On TechCrunch, Devin Coldewey has an essay about the way technology has been evolving lately away from user-serviceable (or even single-party-manufacturable) toward locked-down and inscrutable. We no longer have the ability to fix our own hardware that we might one day have had, and some hardware is getting more and more locked down. (Case in point: the latest line of MacBooks, which feature soldered-down memory and glued-down batteries. No user-serviceable parts in there!)

And as devices get more and more integrated, even putting together one’s own desktop computer may be on the way out. Tablets, e-book readers, and other mobile devices are all-in-one machines that you simply replace if you break. (For that matter, so are TVs, if only for economic factors rather than lack of modularity—the units themselves are so cheap now that it might cost half as much as a new one to repair an old one.)


But perhaps the biggest threat, Coldewey suggests, comes not from the hardware itself but from the paradigm it represents.

More troubling is the deeper marriage we are seeing between hardware and software. How many OS X and iOS-specific functions do you think lie beneath the placid mask of the A5 processor? How long before locked bootloaders and UEFI and intelligent cables prevent you from installing a new OS or streaming from non-approved sources?

And thanks to virtualization, we often aren’t even running our own software or storing our own data on our own machines anymore.

In the end, technological progress is not what should worry us—it’s how Amazon, Apple, the MPAA, and others can restrict us from making full use of the technology and the media we already have. Of course, the more advanced the technology gets, the more controls they can build into it—just look at how quickly the MPAA jumped on the possibilities offered by DRM to place legal padlocks on the DRMs (and subsequently Blu-rays and digital downloads) we buy. But that just means it’s more and more important to be on our guard.


  1. It’s been years since I’ve felt the desire to repair or modify my own car. Or even change the oil. The increase in complexity bothered me at first. But now… it’s really not a problem.

    I prefer the benefits that can come with fully integrated functionality. On the whole, they all pretty much just work. Do I really want to be responsible for maintaining electronic stability control, a dual-clutch transmission, a torque-vectoring differential, ensuring that carbon fiber or high-strength steel replacement parts are what they say they are? How many people really do?

    If you do, please have at it. But I have other things I want to be doing with my life.

    We’re not in the 70s anymore. And to be honest, I’m kinda glad.

    [Also, please try to edit your posts before you push the publish button: “Locked-down technology enables to locked-down philosophies” ?? ]

  2. Locked down technology benefits users in almost all cases where the producer is doing so for good design and operational reasons.

    Case in point being Apple, the most effective implementers of this strategy.

    Locked in iPhones and iPads and MacBookPros deliver a far superior, more compact, lighter and small product to the user. It saves on space, energy and cost. And in Apple’s case it plays a large role in delivering a way better level of software performance than it’s competitors. Just look at the inferior performance of Android devises.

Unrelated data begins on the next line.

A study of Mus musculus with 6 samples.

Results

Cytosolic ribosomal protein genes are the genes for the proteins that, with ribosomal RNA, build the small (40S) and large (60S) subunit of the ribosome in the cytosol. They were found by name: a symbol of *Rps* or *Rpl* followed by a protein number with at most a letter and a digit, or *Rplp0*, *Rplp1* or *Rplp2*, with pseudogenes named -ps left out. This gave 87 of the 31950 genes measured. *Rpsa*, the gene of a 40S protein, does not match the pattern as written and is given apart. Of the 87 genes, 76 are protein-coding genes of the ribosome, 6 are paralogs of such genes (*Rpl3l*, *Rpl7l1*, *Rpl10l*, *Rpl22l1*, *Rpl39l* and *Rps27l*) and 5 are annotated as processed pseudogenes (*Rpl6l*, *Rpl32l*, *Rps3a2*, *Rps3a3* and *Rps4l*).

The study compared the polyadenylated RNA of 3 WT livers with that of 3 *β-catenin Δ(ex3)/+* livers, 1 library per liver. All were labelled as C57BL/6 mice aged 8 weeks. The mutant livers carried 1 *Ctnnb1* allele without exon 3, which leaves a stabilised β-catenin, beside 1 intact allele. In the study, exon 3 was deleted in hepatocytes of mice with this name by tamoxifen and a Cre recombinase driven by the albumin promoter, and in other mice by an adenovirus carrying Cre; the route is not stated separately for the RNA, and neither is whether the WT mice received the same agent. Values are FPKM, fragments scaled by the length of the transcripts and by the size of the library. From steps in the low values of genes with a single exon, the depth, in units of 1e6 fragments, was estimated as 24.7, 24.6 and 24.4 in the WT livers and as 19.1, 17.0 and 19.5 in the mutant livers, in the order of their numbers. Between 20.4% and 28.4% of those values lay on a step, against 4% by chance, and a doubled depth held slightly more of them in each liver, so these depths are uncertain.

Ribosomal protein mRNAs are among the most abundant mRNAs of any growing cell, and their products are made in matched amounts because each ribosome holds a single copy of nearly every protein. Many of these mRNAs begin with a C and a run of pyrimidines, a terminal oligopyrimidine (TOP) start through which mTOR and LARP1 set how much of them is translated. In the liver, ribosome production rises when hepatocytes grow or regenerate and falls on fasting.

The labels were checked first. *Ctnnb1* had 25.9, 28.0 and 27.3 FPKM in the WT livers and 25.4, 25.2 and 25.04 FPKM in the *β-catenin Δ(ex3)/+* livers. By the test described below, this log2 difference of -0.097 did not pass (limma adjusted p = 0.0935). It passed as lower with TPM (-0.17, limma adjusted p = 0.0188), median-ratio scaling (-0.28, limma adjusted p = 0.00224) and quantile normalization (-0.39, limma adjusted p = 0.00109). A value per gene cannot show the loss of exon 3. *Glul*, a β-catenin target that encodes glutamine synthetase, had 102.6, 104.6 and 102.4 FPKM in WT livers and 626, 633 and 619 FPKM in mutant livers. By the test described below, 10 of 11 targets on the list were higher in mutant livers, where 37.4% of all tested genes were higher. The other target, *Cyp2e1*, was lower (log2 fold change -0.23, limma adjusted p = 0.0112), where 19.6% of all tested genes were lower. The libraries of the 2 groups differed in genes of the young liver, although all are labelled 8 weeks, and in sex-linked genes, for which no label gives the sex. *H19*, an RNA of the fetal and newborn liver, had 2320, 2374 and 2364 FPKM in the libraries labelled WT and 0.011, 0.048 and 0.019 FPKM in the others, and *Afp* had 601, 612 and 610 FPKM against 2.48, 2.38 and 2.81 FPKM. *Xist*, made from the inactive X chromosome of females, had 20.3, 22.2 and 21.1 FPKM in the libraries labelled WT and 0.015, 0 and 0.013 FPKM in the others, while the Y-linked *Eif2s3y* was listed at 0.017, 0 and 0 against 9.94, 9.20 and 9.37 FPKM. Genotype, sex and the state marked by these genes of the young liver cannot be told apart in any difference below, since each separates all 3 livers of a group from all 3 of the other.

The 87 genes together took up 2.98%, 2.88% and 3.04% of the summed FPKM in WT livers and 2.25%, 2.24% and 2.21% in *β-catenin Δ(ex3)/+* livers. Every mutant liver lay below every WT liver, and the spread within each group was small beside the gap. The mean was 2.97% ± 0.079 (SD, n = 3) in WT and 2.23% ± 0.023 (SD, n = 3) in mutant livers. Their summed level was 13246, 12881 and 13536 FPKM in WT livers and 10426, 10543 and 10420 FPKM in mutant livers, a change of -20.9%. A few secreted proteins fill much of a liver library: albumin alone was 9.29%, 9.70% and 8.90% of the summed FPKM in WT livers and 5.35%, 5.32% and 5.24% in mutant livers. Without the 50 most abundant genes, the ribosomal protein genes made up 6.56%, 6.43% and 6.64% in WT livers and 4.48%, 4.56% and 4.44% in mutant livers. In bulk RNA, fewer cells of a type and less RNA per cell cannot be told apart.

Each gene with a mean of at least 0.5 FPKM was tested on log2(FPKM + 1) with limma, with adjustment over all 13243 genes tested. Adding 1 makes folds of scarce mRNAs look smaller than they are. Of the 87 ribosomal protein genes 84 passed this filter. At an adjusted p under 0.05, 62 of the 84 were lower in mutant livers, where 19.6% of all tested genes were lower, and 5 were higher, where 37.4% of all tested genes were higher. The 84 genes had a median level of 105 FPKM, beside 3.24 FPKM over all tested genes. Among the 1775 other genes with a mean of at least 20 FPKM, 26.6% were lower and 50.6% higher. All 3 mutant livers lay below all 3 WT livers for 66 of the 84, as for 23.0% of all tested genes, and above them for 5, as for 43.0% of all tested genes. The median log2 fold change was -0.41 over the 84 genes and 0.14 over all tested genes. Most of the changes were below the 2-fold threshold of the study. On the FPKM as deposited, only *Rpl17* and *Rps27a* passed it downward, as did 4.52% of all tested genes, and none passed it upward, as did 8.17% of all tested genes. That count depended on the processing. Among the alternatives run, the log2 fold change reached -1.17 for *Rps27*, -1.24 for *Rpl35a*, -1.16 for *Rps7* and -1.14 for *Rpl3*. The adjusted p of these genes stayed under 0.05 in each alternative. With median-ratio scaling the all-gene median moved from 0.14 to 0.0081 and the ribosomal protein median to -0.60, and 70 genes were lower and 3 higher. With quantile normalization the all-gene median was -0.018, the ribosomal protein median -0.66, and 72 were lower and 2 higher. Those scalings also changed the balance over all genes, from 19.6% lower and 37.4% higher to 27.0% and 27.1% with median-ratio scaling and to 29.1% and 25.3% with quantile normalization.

The last thing I want to do after shelling out a dose of money is to have to start dismantling it. I want a product that is reliable and made to perform out of the box until it’s death. If it dies early then so be it. Life goes on.

    This fetish-like interest in dismantling is a throw back to the olde days when men liked to fiddle with mechanical things in their garages and sheds.

    Those days are gone. The days of changing the oil, of setting the engine timing, of changing the points; those days of battery pulls, opening and cleaning keyboards and roller balls. All dead, at least in the world of Apple … thank GOODNESS.

  3. So replacing a battery in a computer is the equivalent in difficulty of basic car maintenance? Philosophy be damned. The only philosophy here is profit — either you replace a device or you pay through the nose to have it repaired. In either case, the consumer is taken for a ride. Side effects: more dependence on “experts” to run our lives, more ignorance about what’s behind the curtain, unacceptable costs for anyone who doesn’t live at an economic level where they can afford to just toss and replace; more solid waste, much of it eventually leaking toxic components.

  4. Each to his own I guess … but I suspect you are in the small minority. Speaking for my experience by the way I have had desktops since they first came out and some for 6+ years and have never had to replace a battery. Not once. Ever.

  5. Two very significant factors factors here that no one seems to have mentioned: Our throw-away, one-size fits all mentality is leading us to ever growing mounds of electronic trash and the attendant toxicity of heavy metals involved in their decomposition. The other is elimination of more and more working class jobs as repair facilities disappear and computerized robots assemble our future trash.

  6. Many thousands of extra jobs are being generated that more than compensate for ‘repair’ jobs. That is the way economies adjust and change over time. The same thing happened in the motor industry. Customers getting screwed for repairs to devices that should have been manufactured to a higher standard in the first place. Good riddance.

The TeleRead community values your civil and thoughtful comments. We use a cache, so expect a delay. Problems? E-mail newteleread@gmail.com.